Let me clear from the start. After paying for the mistakes of their past poor lending practices in the order of $400-500 billion in losses, the U.S. banking industry will survive and recover from the Greatest Recession Since the Great Depression (GRSGD) quite well and everything will return to normal.
The indication of the banking industry’s resilience is already beginning to show in the latest set of numbers reported to the FDIC. Here’s a chart that provides a snapshot view:
Five-Year Bank Financials
Reported to FDIC as of 06/30/2010
(Dollars in Billions)
Total Interest Income
Total Interest Expense
Net Interest Income
Total Noninterest Income
Total Noninterest Expense
Net Noninterest Expense
Net Interest & Noninterest
Less Provision for Losses
Pre-tax Net Income
Less Tax and Extraordinary
Other Items of Note
Equity Less NPA
Net Charge offs
Salaries–part of non int exp
* 2010 Figures annualized by doubling current amounts reported as of 06/30/2010
Source: FDIC Statistics on Depository Institutions
The five-year period that is shown in Exhibit 1 allows us to see somewhat how things have changed in the banking industry before and since the GRSGD. For example, the financial values of 2006 provide a fair perspective of the steady state condition of the banks prior to the GRSGD; the values from 2007 reflect the first initial signs of the GRSGD; and the values from the last three years show how the banks have managed to pay for their mistakes.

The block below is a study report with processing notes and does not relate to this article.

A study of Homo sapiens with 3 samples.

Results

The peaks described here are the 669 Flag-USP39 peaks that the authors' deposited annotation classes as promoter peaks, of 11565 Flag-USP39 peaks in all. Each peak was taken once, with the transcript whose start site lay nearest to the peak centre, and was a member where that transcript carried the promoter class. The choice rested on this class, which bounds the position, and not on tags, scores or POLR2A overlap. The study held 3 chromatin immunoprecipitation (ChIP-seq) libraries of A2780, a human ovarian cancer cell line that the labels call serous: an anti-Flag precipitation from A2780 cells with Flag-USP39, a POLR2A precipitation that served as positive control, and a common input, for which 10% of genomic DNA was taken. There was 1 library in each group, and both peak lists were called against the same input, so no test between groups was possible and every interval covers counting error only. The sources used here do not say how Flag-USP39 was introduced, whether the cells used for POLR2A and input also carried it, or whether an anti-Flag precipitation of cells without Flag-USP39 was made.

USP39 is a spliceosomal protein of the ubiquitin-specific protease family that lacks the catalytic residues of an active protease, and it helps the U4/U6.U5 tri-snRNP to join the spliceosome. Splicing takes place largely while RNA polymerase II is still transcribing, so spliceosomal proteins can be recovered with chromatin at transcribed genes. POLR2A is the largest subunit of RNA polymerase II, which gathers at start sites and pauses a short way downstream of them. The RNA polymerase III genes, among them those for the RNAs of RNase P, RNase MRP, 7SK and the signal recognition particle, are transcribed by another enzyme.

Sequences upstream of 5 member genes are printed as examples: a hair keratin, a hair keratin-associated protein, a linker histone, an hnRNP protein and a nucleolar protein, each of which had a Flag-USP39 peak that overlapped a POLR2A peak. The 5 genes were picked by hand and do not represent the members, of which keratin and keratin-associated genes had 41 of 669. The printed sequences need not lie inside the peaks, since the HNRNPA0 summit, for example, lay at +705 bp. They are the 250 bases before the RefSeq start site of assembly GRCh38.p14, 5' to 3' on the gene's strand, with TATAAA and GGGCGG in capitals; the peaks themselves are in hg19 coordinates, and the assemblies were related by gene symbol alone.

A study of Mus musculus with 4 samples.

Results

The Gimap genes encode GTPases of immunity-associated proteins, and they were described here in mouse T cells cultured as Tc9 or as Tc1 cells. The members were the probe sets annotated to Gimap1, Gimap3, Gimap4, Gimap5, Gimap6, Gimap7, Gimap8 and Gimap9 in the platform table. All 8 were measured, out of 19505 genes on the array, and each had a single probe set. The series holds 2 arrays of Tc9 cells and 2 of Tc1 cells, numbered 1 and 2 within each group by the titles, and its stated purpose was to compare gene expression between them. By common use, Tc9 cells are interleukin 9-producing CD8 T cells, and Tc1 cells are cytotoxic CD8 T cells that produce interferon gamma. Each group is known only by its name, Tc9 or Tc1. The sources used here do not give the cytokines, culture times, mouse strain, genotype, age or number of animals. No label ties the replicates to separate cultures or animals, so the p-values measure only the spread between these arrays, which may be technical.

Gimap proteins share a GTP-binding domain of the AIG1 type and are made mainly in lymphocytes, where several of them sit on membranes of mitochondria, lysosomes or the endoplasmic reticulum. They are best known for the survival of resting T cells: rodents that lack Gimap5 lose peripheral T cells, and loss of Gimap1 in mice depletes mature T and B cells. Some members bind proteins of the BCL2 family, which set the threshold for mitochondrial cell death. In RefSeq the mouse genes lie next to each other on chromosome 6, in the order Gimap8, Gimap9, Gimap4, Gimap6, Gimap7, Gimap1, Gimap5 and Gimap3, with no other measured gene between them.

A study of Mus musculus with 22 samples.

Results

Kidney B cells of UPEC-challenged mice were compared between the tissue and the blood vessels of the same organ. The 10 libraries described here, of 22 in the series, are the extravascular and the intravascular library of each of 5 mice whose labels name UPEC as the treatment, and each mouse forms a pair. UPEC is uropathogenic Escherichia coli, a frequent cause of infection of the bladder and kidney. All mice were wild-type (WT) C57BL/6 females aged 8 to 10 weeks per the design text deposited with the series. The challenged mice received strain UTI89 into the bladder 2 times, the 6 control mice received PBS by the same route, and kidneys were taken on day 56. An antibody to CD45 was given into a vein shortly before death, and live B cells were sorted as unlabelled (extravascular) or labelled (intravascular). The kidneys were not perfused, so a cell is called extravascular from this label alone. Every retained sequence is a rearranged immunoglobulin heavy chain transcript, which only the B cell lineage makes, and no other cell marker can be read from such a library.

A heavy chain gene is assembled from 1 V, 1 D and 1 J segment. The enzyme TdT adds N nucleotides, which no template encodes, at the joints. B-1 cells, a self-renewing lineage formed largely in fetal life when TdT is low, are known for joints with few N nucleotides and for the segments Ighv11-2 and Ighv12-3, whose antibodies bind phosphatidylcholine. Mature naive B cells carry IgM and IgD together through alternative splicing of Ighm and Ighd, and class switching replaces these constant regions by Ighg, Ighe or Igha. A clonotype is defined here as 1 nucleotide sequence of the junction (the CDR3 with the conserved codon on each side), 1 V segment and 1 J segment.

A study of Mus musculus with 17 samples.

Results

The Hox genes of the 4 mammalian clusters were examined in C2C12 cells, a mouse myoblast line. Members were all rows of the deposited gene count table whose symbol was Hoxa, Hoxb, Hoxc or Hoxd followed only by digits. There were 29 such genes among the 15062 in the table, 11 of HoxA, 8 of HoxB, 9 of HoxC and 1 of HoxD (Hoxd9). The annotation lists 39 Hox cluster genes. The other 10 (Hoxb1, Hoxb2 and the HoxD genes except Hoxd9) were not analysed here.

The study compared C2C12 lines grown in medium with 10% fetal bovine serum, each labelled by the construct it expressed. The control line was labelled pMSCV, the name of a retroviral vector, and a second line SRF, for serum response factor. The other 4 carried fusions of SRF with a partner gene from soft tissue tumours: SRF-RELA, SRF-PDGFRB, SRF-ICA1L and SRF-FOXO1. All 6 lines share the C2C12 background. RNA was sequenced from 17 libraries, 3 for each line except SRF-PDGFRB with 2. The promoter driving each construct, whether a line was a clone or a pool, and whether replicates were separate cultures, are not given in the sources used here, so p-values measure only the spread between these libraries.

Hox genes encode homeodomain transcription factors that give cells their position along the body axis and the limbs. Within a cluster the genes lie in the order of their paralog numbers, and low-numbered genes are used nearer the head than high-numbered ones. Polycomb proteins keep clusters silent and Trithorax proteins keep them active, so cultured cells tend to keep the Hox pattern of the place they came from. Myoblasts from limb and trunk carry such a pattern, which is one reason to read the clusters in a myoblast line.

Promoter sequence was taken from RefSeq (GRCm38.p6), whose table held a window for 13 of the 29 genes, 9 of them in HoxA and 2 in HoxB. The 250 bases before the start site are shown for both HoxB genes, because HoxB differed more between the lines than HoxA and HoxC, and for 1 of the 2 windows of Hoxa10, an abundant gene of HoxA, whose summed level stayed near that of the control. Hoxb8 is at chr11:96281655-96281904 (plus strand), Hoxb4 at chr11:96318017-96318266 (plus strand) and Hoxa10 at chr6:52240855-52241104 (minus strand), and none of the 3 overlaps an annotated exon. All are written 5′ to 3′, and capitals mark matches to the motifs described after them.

So how have the banks recovered and paid for their mistakes? The first two of lines of Exhibit 1 (net interest income and net interest expense) tell quite a bit of the story. The banking industry has borrowed cheaper and passed less of their cheaper borrowing onto the customer. Net interest income in 2010 is up nearly $100 billion from the values of 2006. Ka-chink number one.
Although the banking industry has been able to maintain their non-interest income resulting from their fiduciary activities, services charges, and trading fees pretty much constant throughout the GRSGD, non-interest expense which reflect things like salaries and employee benefits, premise and equipment expense has gone up.
Of course, we have to remember that banks do not operate like most businesses. When problems arise in most business, it results in personnel layoffs, bonus cuts, and even the shutdown of inefficient operations. In the banking industry, inefficient operations are simply taken over by another bank and reopened under new management.
So in the banking industry, one of the best ways to account for poor management practices is not to reduce salaries and bonuses, but to cut dividends paid to the stockholders. Check Exhibit 1 out to see if this has been the case. Ka-chink number two.
Another way to help cover losses for your mistakes is to pay less taxes, or in other words, write the losses for your mistakes off, and let other taxpayers pick up the bill. Ka-chink number three.
Bankers are by no means stupid and a quick review of their financials shows that to be the case. Instead of looking for inefficiencies inside their organisations, they have managed to pass their “mismanagement” onto their customers, their stockholders, and the taxpayers.
While managing to pull this off, the banking industry has been able to reduce their assets by cutting the amount of their lending (loans are down about a little over $650 billion since 2007) while increasing their book equity. Such a deal. And to think we gave them TARP, too.